Posted by Pear-Shaped Comics in Uncategorized.

The Back of the Napkin, by Dan Roam, is a book about visual thinking frameworks and how they can improve one’s ability to see, process, and show information. Visual thinking is becoming somewhat of a banal topic in design courses, but Roam does a good job of showing the real power of simple pictures. He achieves this using examples from his own experience, exercises for the reader to practice, and clear-cut frameworks for guidance.

Predictably, Roam begins by dispelling myths about needing to be “visual” to learn visual thinking or being a good enough artist to communicate information through pictures. With the right guidance, anyone can do it! All right! He proceeds to dig himself into a deeper hole of triteness by reciting the six problem clumps: who/what, how much, when, where, how, and why. It takes several chapters, but Roam does make good use of these clumps in the <6><6> rule, which states that for each type of problem we see, there is a visual framework that serves as a starting point for communicating the problem visually. A “who/what” problem is shown as a portrait, a “how many” problem is a chart, a “how” problem is a flowchart, etc. Although I feel that one could arrive at the outcome of the <6><6> rule simply by adopting the basic principles Roam had already covered, it is still nice to have the rule laid out in an organized fashion. In fact, many of Roam’s ideas are similarly non-revolutionary, but are communicated visually in a way that proves the effectiveness of his methods.

What I found most interesting is Roam’s statement that effective showing “happens at the end of the visual thinking process.” He emphasizes the application of visual thinking to absorbing rather than conveying ideas. When one looks, sees, and imagines properly, the ability to communicate these ideas will allegedly follow naturally, with help from the author’s frameworks. Most lessons in visual thinking (that I have experienced) focus heavily on the “showing” part of visual thinking, which is why Roam’s point was intriguing to me.

Overall, The Back of the Napkin was an enjoyable book with some great ideas and frameworks for which I hope to find uses in my career and life in general. I expect that his lessons will “stick” in my mind better than most that I have read, thanks of course to Roam’s expert use of visual thinking.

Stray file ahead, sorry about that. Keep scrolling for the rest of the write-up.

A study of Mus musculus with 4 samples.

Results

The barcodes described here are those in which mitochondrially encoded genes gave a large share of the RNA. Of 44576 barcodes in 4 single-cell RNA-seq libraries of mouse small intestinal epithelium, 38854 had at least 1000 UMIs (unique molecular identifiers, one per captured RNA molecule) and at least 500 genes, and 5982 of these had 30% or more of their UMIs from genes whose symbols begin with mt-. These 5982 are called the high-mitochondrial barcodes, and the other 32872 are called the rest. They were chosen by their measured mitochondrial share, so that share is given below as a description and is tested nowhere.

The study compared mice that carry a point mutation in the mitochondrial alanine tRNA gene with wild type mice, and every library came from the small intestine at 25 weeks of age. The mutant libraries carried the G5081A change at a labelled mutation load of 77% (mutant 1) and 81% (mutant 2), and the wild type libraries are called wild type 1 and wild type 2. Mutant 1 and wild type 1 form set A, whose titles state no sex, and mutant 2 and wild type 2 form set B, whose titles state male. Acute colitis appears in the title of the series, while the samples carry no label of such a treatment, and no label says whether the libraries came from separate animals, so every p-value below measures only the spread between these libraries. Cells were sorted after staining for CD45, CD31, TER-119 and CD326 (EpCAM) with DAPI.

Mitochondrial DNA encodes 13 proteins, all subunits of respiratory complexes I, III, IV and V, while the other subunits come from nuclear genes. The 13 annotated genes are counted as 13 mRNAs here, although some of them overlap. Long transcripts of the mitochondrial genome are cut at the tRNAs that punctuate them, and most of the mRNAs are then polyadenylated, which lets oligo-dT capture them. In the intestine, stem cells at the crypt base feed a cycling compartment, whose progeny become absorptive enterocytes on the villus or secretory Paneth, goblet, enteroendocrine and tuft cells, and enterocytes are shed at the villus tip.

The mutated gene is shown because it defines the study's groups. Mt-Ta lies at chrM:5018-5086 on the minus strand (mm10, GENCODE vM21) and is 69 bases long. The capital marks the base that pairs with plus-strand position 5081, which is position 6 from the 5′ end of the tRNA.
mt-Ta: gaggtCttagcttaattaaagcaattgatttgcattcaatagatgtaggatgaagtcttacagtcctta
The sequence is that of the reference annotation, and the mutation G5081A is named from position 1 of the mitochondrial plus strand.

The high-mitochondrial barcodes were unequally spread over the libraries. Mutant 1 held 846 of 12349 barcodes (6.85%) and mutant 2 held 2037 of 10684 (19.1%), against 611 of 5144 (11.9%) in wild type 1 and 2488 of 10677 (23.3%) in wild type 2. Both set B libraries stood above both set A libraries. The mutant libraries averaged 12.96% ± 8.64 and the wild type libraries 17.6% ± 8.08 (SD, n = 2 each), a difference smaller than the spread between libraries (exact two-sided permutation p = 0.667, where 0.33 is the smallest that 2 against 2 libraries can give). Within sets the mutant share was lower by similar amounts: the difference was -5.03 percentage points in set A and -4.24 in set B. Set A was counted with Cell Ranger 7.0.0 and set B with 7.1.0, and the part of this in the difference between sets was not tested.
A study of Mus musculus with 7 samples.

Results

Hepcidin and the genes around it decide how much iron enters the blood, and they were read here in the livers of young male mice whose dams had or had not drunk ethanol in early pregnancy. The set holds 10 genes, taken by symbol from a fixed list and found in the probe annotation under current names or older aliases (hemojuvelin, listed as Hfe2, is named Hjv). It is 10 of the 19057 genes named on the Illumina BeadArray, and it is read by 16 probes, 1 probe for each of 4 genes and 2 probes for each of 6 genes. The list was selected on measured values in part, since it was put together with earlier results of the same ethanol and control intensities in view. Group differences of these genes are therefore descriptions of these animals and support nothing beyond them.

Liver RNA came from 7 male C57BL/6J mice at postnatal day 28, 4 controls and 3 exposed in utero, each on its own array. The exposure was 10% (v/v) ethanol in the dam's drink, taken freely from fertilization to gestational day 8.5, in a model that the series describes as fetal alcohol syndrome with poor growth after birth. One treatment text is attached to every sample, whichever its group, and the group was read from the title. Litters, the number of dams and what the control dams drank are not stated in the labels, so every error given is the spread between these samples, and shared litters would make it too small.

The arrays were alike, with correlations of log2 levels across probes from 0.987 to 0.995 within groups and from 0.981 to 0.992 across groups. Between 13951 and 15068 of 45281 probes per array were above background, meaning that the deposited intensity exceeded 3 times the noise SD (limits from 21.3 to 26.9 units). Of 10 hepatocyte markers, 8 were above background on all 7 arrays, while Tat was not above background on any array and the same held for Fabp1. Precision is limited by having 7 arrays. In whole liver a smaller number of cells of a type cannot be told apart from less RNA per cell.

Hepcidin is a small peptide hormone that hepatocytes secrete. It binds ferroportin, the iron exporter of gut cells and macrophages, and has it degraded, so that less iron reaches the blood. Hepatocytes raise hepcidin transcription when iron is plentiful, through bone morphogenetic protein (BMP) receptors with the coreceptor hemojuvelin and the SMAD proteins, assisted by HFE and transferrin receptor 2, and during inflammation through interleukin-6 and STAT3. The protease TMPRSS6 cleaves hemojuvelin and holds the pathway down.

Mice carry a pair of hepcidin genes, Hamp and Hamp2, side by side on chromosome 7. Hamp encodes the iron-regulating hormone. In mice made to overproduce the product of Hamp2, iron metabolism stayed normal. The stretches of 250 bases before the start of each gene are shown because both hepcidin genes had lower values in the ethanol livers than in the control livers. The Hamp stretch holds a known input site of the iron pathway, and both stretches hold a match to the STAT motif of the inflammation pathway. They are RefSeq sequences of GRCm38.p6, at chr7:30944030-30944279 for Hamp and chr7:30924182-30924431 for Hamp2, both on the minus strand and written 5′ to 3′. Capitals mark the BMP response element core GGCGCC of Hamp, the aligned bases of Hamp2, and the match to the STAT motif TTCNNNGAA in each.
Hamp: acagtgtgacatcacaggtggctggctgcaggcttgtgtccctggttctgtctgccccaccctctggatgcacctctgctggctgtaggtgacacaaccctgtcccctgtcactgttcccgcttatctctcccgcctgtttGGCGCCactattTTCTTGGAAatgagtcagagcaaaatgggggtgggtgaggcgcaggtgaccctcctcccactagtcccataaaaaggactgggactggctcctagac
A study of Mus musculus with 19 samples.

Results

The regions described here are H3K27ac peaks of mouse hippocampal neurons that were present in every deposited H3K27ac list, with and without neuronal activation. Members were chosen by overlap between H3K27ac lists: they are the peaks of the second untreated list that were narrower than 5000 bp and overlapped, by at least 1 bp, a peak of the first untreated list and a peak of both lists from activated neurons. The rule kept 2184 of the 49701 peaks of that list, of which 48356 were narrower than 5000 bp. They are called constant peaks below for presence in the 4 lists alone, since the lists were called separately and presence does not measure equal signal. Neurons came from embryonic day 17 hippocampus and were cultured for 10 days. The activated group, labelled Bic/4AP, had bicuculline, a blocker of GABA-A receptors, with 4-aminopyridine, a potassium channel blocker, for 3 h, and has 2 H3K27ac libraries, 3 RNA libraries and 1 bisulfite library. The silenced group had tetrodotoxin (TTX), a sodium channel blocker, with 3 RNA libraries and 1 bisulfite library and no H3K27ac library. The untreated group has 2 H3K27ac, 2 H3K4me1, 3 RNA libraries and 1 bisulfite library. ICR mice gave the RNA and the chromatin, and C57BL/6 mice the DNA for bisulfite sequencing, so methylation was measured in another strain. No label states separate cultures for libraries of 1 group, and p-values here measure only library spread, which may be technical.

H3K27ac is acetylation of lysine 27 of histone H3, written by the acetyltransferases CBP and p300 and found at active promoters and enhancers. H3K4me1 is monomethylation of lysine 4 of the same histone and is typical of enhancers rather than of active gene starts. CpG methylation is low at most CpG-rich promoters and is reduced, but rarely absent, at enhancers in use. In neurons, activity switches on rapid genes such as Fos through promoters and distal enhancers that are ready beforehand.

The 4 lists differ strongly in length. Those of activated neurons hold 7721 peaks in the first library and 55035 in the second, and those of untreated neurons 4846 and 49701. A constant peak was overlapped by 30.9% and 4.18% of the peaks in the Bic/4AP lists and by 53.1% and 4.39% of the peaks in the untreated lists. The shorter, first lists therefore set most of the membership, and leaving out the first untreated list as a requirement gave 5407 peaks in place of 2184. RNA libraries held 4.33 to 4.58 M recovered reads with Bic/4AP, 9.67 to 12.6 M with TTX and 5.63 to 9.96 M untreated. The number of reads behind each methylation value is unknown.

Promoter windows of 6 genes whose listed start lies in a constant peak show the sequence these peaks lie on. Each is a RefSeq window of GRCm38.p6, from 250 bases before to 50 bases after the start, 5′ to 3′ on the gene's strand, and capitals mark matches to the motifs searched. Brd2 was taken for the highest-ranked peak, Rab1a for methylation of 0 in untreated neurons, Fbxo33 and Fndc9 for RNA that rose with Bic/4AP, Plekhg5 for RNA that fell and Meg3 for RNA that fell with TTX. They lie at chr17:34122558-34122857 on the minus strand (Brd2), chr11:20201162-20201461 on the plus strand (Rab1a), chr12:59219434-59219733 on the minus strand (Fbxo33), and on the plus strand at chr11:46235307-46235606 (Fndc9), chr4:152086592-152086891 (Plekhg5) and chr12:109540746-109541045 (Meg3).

Venn Diagram - Books



1. Sara Beckman - April 18, 2010

Thanks for including a visual with your report on the book! You may be interested to look at the other “reviews” of Roam’s book on this site. How have you changed how you work after reading the book? Do you sketch more? Does it help when you are working alone, or in groups?

Kevin Kuramura - April 18, 2010

I did actually look through all of them prior to posting mine. I was a little surprised to see so much negative feedback!

Admittedly I haven’t made too much use of what I’ve learned yet, but I think I’m prepared to do so next time an opportunity arises (which, I’m beginning to realize, is nearly always). As I mentioned, the difficult part for me to wrap my head around is the importance of absorbing information using more visual thinking. I hope to apply that to a paper I have due this Wednesday… we’ll see how it works out.

2. Jon Pittman - April 22, 2010

Roam has produced a follow-on handbook called Unfolding the Napkin – which is more of a step-by-step process. I have not yet used it, but it might help address some of the “I did not learn how to think visually” feedback in some of the blog posting.

It is also the case that you always get better at something through practice – and visual communication is one of those things. There are no easy fixes.

3. Jon Pittman - April 22, 2010

In your book report you were surprised that the idea of visual thinking is about absorbing rather than conveying ideas.

In my view, that is the essence of a prototype. The goal of a prototype is less to present your idea to someone else (although that is a fine use of a prototype) and more to explore your idea by making it concrete.